One of the most common insider assumption in American politics right now is that the Republican Party, having richly indulged the tantrums of its radicalized conservative base going into the midterm elections, will revert to its grown-up habits in 2012 and nominate for president someone like that boring but respectable grown-up, Mitt Romney. Never mind that Romney’s long and unrepudiated championship of a health insurance purchasing mandate is going to be a major problem for him next year as congressional Republicans treat the ObamaCare mandate as a devilish product of the slavedrivers of collectivism; the Mittster has earned the right to the nomination by running a decent race in 2008, we are told, and GOPers will not be stupid enough to choose a Palin or a Huckabee or a DeMint.
Maybe that’s how it will all come down, but as John Ellis noted, Team Mitt is not making things any easier for him, as illustrated last week when one of his advisors deliberately dissed the Iowa Caucuses, where Romney’s 2008 campaign came to grief:
After the 2008 debacle, one might have assumed that Romney would clean house and get himself a new team. No dice. Roughly the same team is still in place. And they’re busy making new stupid mistakes which make Romney’s nomination as the GOP standard-bearer in 2012 less likely.
Consider the state of Iowa, home to the nation’s first presidential preference vote (a straw poll attached to precinct caucuses). Iowa has played host to the GOP’s first serious presidential straw poll for as long as anyone can remember. And it will again in 2012.
Not so fast, says Mr. Romney’s legal advisor Ben Ginsburg, who may be the only person in the world who thinks Iowa will not lead off the 2012 presidential campaign voting. Specifically, Mr. Ginsburg is quoted as saying: “Whether Iowa goes first in 2012 is up for grabs in unprecedented fashion….”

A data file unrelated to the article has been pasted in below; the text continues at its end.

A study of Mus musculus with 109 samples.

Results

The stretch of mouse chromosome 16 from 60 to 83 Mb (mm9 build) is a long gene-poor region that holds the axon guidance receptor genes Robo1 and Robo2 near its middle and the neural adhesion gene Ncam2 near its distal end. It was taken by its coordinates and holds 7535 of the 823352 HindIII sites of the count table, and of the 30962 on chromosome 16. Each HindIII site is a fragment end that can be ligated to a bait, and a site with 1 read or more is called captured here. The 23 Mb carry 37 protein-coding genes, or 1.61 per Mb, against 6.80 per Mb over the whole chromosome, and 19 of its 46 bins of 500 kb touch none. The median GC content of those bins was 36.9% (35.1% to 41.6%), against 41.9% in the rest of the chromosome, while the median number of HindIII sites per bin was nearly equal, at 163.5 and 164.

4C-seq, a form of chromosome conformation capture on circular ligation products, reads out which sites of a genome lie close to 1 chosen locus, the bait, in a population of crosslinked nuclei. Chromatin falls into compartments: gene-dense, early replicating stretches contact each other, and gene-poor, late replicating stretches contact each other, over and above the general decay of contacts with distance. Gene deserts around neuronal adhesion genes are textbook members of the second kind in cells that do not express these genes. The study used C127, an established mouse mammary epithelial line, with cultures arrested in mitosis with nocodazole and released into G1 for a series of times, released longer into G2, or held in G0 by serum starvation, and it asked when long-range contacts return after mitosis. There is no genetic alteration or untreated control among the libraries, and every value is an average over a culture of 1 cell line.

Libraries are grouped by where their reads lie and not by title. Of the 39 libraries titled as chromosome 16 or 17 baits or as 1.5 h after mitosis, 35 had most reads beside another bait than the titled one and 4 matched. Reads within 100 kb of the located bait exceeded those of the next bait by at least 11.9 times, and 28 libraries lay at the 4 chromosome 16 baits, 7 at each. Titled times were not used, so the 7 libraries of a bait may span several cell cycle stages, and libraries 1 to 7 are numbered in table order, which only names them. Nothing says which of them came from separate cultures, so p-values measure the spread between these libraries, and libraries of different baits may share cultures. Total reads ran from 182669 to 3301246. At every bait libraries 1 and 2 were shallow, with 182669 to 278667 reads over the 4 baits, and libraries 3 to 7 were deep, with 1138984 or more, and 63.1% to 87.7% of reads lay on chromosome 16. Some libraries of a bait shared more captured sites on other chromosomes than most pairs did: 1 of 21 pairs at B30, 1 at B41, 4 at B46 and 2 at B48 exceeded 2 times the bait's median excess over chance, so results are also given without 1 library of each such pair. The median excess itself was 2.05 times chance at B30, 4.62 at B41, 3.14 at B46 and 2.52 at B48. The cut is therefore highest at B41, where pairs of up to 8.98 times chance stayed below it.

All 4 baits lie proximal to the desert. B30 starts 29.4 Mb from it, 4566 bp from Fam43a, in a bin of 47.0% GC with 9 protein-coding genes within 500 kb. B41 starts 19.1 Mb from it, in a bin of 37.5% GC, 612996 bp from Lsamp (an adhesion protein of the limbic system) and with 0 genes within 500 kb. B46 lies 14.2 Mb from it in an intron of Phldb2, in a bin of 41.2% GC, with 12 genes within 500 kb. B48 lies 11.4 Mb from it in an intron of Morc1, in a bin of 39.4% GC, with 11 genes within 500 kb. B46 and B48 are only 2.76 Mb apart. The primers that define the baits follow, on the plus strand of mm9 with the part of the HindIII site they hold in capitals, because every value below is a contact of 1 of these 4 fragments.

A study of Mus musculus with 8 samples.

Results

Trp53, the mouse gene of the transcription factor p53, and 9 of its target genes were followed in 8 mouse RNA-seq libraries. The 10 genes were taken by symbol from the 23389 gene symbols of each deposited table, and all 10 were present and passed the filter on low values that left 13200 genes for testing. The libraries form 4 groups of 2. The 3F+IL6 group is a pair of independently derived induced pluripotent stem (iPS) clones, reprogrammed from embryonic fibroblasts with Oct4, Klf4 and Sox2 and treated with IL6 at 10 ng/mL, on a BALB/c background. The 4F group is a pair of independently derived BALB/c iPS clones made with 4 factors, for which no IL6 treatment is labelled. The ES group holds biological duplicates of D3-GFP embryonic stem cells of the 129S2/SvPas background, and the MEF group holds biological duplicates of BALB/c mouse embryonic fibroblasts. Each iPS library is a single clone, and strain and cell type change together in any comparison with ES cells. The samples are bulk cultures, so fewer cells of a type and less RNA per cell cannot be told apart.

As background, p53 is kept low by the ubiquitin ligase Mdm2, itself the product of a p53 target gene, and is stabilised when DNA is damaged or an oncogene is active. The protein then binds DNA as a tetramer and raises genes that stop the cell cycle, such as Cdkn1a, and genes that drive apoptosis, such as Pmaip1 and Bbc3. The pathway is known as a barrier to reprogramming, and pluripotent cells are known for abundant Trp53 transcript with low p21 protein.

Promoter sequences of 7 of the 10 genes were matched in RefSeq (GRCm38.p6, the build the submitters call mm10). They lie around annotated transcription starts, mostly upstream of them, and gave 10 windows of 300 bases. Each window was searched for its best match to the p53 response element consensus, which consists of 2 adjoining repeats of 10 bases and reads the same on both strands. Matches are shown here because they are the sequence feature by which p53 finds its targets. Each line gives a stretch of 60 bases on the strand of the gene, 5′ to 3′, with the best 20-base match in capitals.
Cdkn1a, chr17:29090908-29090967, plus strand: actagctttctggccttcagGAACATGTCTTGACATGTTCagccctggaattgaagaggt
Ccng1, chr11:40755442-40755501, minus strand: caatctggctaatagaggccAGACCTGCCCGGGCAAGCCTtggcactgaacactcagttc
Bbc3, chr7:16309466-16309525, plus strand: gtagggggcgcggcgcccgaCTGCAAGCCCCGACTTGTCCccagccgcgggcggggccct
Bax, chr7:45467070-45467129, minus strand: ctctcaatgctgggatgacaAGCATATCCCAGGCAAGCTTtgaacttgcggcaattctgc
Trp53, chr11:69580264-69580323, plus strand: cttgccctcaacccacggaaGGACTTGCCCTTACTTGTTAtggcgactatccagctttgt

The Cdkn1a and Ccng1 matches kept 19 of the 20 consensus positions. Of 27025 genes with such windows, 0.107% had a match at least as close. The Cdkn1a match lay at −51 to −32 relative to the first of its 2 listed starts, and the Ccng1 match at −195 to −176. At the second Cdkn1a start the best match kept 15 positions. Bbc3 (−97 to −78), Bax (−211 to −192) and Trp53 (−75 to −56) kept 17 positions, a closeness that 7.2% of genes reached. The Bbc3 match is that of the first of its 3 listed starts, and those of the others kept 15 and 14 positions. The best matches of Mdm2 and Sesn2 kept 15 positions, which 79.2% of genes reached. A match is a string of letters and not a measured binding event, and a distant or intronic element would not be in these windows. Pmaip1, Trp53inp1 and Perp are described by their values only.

This is no small matter. Political activists in Iowa, as in New Hampshire, are acutely defensive about their “first in the nation” status, and do not tolerate even a hint of a challenge to that status from presidential candidates. Indeed, their willingness to puniish candidates for doing so is the real source of their power to maintain the status quo.
So the Romney campaign’s apostasy is not going to go unnoticed:
Iowans will translate Ginsburg’s musings as follows: “Romney really doesn’t like us very much, doesn’t want to campaign here, thinks Iowans are too difficult and prickly, so he’s going to do everything he can to lessen our influence on the nomination process.” ….
[D]issing the first-in-the-nation caucus state is an astonishingly stupid tactical error. That’s what the Romney campaign just did.